Saturday, March 29, 2008

Mahnomin Porridge

At the table in the kitchen, there were three bowls of porridge. Goldilocks was hungry. She tasted the porridge from the first bowl.

"This porridge is too hot!" she exclaimed.

So, she tasted the porridge from the second bowl.

"This porridge is too cold," she said

So, she tasted the last bowl of porridge.

"Ahhh, this porridge is just right," she said happily and she ate it all up.

***From "Goldilocks and the Three Bears"

I always found this story disturbing, especially the part about her sleeping in their beds. That's downright creepy. I bet she rifled through their underwear drawers also. However, her greatest atrocity came when she ate their breakfast. Eating another man's (or bear's) breakfast just ain't civil.

This story first introduced me to porridge. I had no idea what it was, but I thought it was similar to oatmeal. It turns out I was right. According to wikipedia, porridge is a simple dish made by boiling oats and sometimes a mixture of other grains in milk or water. I also learned the following interesting facts about porridge
  1. In parts of Asia porridge is fed to horses and donkeys (This fact just makes me smile. "Honey, I'm going out to the barn to feed the donkeys their porridge.").
  2. Gruel is a form of porridge, but it's usually a thinner consistency, so that people can drink it (I might make some gruel for my daughter because I think it would be fun to scream, "Drink your gruel, or you'll get no dessert!).
  3. Every October Scotland hosts the World Porridge Making Championships, where contestants battle for the Golden Spurtle Trophy. A spurtle is a special spoon used to stir porridge. For you curious souls, here's a picture of spurtle (I won't comment on the phallic nature of it. I'd be embarrassed to whip this out of my kitchen drawer):
  4. Many cultures use porridge to nurse the sick back to health.
When I read on about the Mahnomin Porridge served at Hell's Kitchen in Minneapolis, I thought it sounded interesting, but something I'd never try. For the record, I've never craved porridge. I've never been fan of hot breakfast cereals like oatmeal, mush, or grits. However, I think some of it has to do with its unappealing name. I think the name porridge turns most people off to the dish. In fact, very few people ordered it when it first appeared on Hell's Kitchen's menu. Then they started giving it away, but people still balked at trying it. Eventually, people tried the dish, realized it was heavenly, and now it's a popular menu item.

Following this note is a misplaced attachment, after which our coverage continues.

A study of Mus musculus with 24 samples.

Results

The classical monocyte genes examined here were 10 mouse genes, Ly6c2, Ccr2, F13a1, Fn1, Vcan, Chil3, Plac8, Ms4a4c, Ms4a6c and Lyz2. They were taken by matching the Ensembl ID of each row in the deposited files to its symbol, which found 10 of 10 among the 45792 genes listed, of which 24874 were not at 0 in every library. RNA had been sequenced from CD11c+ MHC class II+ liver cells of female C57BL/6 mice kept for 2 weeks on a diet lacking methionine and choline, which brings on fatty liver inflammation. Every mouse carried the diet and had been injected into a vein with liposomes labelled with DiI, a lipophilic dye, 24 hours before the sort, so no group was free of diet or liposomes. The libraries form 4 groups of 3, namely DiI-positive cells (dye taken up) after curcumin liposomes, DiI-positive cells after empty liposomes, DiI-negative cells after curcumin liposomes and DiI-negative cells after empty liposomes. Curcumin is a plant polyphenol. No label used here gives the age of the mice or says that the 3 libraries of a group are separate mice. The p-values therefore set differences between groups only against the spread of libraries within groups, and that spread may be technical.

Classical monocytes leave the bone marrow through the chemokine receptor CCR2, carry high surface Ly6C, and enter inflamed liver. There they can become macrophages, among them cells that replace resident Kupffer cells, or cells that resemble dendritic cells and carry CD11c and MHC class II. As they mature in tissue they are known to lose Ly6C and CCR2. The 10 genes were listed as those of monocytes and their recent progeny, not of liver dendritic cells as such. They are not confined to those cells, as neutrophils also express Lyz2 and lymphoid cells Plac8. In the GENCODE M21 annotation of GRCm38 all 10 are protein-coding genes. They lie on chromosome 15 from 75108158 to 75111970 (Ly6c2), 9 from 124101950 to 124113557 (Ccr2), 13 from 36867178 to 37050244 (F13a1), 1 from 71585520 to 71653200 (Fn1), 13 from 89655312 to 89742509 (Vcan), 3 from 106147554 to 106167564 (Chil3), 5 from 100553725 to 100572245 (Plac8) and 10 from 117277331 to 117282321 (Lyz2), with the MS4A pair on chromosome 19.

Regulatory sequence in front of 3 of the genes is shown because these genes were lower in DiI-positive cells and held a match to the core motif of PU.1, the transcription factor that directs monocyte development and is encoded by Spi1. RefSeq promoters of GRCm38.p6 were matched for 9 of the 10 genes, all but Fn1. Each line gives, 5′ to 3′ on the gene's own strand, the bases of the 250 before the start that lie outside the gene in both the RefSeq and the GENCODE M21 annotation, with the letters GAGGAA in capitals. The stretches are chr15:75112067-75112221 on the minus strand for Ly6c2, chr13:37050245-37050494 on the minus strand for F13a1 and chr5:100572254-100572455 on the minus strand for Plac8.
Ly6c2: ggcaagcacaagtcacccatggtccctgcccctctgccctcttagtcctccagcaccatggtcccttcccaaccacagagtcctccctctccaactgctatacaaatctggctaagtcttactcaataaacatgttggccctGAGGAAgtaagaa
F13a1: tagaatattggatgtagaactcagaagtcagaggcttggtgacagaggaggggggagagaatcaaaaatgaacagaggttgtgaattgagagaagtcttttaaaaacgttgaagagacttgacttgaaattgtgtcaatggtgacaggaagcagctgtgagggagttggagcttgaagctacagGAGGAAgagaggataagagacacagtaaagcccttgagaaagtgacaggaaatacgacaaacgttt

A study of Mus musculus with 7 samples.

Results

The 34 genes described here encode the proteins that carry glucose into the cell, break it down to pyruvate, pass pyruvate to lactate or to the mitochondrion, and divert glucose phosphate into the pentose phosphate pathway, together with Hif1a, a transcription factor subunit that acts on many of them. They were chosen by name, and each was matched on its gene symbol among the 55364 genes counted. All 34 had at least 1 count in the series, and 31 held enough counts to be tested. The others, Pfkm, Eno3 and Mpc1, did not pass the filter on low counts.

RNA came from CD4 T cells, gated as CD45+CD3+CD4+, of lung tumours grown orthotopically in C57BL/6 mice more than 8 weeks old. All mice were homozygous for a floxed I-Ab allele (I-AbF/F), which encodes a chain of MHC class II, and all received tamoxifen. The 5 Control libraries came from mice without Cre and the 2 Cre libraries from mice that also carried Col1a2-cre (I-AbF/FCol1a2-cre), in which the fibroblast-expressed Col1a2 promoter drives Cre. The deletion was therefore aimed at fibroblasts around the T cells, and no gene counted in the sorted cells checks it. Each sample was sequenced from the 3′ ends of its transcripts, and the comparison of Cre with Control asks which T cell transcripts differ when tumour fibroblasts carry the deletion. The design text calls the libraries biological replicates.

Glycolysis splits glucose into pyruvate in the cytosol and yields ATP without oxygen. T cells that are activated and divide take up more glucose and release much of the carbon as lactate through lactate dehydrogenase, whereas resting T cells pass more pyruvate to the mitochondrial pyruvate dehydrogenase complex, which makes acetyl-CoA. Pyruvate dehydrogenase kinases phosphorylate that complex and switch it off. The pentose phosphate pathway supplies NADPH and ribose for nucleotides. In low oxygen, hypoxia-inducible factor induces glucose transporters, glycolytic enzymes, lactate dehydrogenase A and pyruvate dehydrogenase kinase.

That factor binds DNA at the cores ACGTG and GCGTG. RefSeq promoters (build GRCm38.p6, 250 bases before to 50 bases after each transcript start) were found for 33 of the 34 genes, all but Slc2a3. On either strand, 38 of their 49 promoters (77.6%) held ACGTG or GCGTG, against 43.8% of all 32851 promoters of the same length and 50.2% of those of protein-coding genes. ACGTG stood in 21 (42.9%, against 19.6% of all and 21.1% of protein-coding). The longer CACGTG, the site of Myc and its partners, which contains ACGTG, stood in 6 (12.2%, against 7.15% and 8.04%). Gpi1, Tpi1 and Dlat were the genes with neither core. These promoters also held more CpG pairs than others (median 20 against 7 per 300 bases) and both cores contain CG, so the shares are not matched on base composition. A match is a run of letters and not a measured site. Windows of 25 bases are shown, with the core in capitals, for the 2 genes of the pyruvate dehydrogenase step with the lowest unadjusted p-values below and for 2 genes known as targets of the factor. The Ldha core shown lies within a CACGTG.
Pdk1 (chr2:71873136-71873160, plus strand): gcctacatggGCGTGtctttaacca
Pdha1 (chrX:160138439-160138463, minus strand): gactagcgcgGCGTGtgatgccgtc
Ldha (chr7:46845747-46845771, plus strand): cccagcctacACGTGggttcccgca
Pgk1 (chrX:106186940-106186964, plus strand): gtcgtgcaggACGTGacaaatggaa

Last week I had the privilege of eating at Hell's Kitchen, and I was still reluctant to try it. However, the snowy weather and my lumberjack attitude prompted me to give the porridge a try, and when I tried the first bite I was a porridge convert. At that moment I wanted to be porridge's new PR man, spreading the gospel of this great dish. So here I am blogging about it.

Like most restaurant dishes that bring a glint to my eye, I'm always inspired to replicate the dish at home. This drives my wife nuts. She doesn't understand why I would go to all the trouble. She doesn't understand why I just can't enjoy the dish at the restaurant, where it's something special, a treat. Now my wife is partially right. For some reason she's always right and I'm wrong. This is the gospel truth. However, believing that I'm right, I usually respond with a two-pronged response:

  1. I could make this dish for a fraction of what they're charging me at the restaurant.
  2. What if someday we live somewhere like Moscow, Kansas, where there's not a wide range of restaurants.? Wouldn't it be nice to have a husband, who can prepare a huge repertoire of dishes?
In which she responds:

  1. We'll never live in Moscow, Kansas.
  2. We can afford to occasionally eat a meal at a restaurant. There's nothing wrong with occasionally treating ourselves.
She's probably right, but I still insist on replicating recipes I encounter on restaurant menus.

This morning I made the Mahnomin Porridge.

Mahnomin Porridge

(Photo from


4 cups cooked wild rice

¼ cup pure maple syrup

¼ cup dried blueberries

¼ cup craisins

½ cup roasted, cracked hazelnuts

1 cup heavy cream


  1. In a heavy non-stick sautee pan, add the cooked wild rice, heavy cream, and maple syrup, and warm through.
  2. Add the blueberries, craisins, and hazelnuts, and stir to mix well.
  3. Serve in a bowl with sides of warm heavy cream and maple syrup.
Now my attempt at Mahnomin Porridge wasn't quite as good as Hell's Kitchen, but it still was pretty darn good. I think, there are three things I could do to improve the porridge:

  1. I used half and half, and using heavy cream would improve my porridge.
  2. I could toast my hazlenuts in a skillet. I stepped this step, so I could stuff my face. Toasting or roasting nuts would definitely give the nuts a more pronounced flavor.
  3. I could use a better quality maple syrup. I don't really know anything about maple syrup, so I just grabbed the cheapest bottle, a $3.50 bottle of Maple Grove Farms: U.S. grade A Dark Amber. I've been cooking long enough to know that sometimes the quality of ingredients does matter, so I'll research maple syrups and find a better one to use with this recipe. This might be the most important thing I could do to improve the recipe.
I also think you could experiment with the ingredients a bit. Pecans would work in place of hazlenuts. If you don't have wild rice, you could probably use a white rice. Also, you could add a little cinnamon, nutmeg, or vanilla to change the flavor of this recipe. Overall, I'm happy with my results, and I look forward to enjoying this porridge on a cold, snowy, day.

Happy eating,

1 comment:

Kristin said...

This is one dish I'm happy for you to replicate at home. It is SO yummy! I also think this dish is like soup/stew in that letting it set overnight and reheating gives the flavors time to develop.